Being out in nature, whether real or imagined, has proven positive effects on both our mental and physical health, as it gives our bodies and minds an opportunity to slow down and relax. There is a lot of science and philosophy around why having nature and plant life in our environments is so important to our wellbeing. But my view, based on a little bit of research and my own personal experience, is the idea that we are creatures of nature and are meant to have a connection with the natural environment. So, the more humanity becomes removed from their connection with plants and animals and earth and water, the more we are likely to find ourselves stressed and unwell.
When I close my eyes and think of relaxing situations, they are often settings like laying out in the sun on a peaceful beach, where I can hear the waves and the birds calling and feel the sun on my face. It isn’t a coincidence that relaxation focused therapies choose these natural settings for these visualisations. One of the key aspects about why these settings work is because they are generally very removed from the busy, distracting and stressful environments we find ourselves in during everyday life.
It might seem difficult for those living in urban environments to be able to get away to nature because you might think it needs to be a long weekend away on a tropical island or a stay in a luxury resort. But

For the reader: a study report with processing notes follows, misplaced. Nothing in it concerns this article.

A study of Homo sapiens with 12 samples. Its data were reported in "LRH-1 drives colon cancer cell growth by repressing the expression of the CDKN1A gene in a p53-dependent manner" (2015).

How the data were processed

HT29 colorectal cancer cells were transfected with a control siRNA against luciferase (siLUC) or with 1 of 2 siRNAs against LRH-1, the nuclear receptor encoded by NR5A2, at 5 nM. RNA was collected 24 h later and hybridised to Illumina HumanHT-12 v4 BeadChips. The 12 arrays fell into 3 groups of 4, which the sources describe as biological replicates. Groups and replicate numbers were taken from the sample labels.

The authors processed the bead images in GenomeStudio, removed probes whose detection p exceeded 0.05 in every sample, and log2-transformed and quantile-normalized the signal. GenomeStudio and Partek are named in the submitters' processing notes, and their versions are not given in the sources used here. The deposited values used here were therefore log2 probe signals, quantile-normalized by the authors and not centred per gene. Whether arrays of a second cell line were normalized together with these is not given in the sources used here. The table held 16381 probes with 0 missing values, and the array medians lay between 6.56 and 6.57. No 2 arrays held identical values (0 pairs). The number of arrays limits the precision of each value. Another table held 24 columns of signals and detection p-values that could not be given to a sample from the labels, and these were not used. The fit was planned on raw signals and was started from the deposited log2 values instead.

something as simple as visiting a public garden or spending a day in less metropolitan communities where there are front yards and trees growing along public walkways can help. Getting back to nature doesn’t have to mean becoming Bear Grylls and going out into the wildest areas. For most people it wouldn’t be hard to find a public park or go out into the countryside for part of the day and just make the commitment to take things easy.
One of my favourite things to do, especially when I am feeling stressed is to take a walk along the riverside path that runs below the public gardens in my city. It is a mostly shaded walkway that has dappled sunlight and patches where you can see the sky. There are benches spaced along the walkway and it is often a very peaceful place to stop and just watch the river flowing along beside the walkway.
My second favourite place to focus my attention when I need to get out of an anxiety or stress headspace is to spend time in my garden and focus my attention on the details of plants and the movement of insects. It can be particularly enjoyable during the summer to pull up a chair and at a safe distance watch the bees buzzing around flowering plants.
I think the more we practice being in nature and consciously placing our focus on the details of nature, rather than the sources of our everyday occupations and stresses, the better we will get at reconnecting with the natural rhythms that have been part of our lives for generations. We are part of nature and nature is part of us, so the more we can embrace that the happier and healthier the environment and our lives will be.